AbstractsMedical & Health Science

3D follicle segmentation in ultrasound image volumes of ex-situ bovine ovaries

by Qian Lu

Institution: University of Saskatchewan
Year: 2008
Keywords: Ultrasound Image Volumes; Seeded Region Growing; Folllicle Segmentation
Record ID: 1829338
Full text PDF: http://hdl.handle.net/10388/etd-05272008-131638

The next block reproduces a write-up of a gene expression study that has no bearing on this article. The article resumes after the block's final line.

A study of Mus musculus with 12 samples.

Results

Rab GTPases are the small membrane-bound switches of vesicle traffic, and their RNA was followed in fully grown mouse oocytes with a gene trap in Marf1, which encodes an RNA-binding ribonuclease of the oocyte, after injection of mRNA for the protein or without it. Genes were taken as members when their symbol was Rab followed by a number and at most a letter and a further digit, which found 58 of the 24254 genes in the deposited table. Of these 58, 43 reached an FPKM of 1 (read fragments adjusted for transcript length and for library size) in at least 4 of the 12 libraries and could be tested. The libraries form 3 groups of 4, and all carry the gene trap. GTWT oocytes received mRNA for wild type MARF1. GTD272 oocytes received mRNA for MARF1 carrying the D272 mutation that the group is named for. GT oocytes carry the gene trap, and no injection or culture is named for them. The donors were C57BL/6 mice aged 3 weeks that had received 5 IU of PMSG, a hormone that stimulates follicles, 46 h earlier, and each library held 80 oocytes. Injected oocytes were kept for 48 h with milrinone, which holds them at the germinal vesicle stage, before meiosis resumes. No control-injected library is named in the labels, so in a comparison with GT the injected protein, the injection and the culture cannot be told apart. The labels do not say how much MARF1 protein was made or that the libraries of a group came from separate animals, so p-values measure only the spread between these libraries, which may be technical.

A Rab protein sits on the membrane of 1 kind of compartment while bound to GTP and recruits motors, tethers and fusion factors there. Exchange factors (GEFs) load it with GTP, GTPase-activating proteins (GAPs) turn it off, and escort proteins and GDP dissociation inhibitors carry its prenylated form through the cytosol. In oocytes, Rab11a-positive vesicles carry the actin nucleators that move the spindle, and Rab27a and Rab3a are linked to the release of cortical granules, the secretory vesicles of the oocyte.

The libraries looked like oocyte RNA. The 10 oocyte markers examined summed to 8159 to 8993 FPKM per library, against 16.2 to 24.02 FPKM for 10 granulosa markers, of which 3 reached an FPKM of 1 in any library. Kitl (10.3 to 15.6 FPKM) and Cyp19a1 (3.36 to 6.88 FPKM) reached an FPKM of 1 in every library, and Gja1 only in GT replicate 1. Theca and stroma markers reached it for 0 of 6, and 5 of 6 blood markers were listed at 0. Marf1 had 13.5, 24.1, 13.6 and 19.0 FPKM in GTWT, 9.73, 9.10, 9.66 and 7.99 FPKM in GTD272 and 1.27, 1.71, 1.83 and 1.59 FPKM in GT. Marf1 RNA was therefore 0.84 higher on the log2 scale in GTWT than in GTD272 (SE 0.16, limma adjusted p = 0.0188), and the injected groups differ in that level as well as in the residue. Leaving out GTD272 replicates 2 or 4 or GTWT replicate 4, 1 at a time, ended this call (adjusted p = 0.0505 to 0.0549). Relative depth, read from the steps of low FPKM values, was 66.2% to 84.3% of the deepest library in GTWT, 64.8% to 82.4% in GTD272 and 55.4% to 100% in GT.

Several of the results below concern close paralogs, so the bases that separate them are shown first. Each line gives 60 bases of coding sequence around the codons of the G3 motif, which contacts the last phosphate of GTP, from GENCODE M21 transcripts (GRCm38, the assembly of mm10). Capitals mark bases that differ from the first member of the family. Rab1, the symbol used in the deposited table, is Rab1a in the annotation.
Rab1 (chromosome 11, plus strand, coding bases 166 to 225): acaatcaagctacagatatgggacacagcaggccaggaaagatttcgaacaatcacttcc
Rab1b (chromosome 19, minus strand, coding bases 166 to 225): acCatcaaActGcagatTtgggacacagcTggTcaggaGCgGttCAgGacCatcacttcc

Conventional ultrasonographic examination of the bovine ovary is based on a sequence of two-dimensional (2D) cross-section images. Day-to-day estimation of the number, size, shape and position of the ovarian follicles is one of the most important aspects of ovarian research. Computer-assisted follicle segmentation of ovarian volume can relieve physicians from the tedious manual detection of follicles, provide objective assessment of spatial relationships between the ovarian structures and therefore has the potential to improve accuracy. Modern segmentation procedures are performed on 2D images and the three-dimensional (3D) visualization of follicles is obtained from the reconstruction of a sequence of 2D segmented follicles. The objective of this study was to develop a semi-automatic 3D follicle segmentation method based on seeded region growing. The 3D datasets were acquired from a sequence of 2D ultrasound images and the ovarian structures were segmented from the reconstructed ovarian volume in a single step. A “seed” is placed manually in each follicle and the growth of the seed is controlled by the algorithm using a combination of average grey-level, standard deviation of the intensity, newly-developed volumetric comparison test and a termination criterion. One important contribution of this algorithm is that it overcomes the boundary leakage problem of follicles of conventional 2D segmentation procedures. The results were validated against the aspiration volume of follicles, the manually detected follicles by an expert and an existing algorithm.We anticipate that this algorithm will enhance follicular assessment based on current ultrasound techniques in cases when large numbers of follicles (e.g. ovarian superstimulation) obviate accurate counting and size measurement.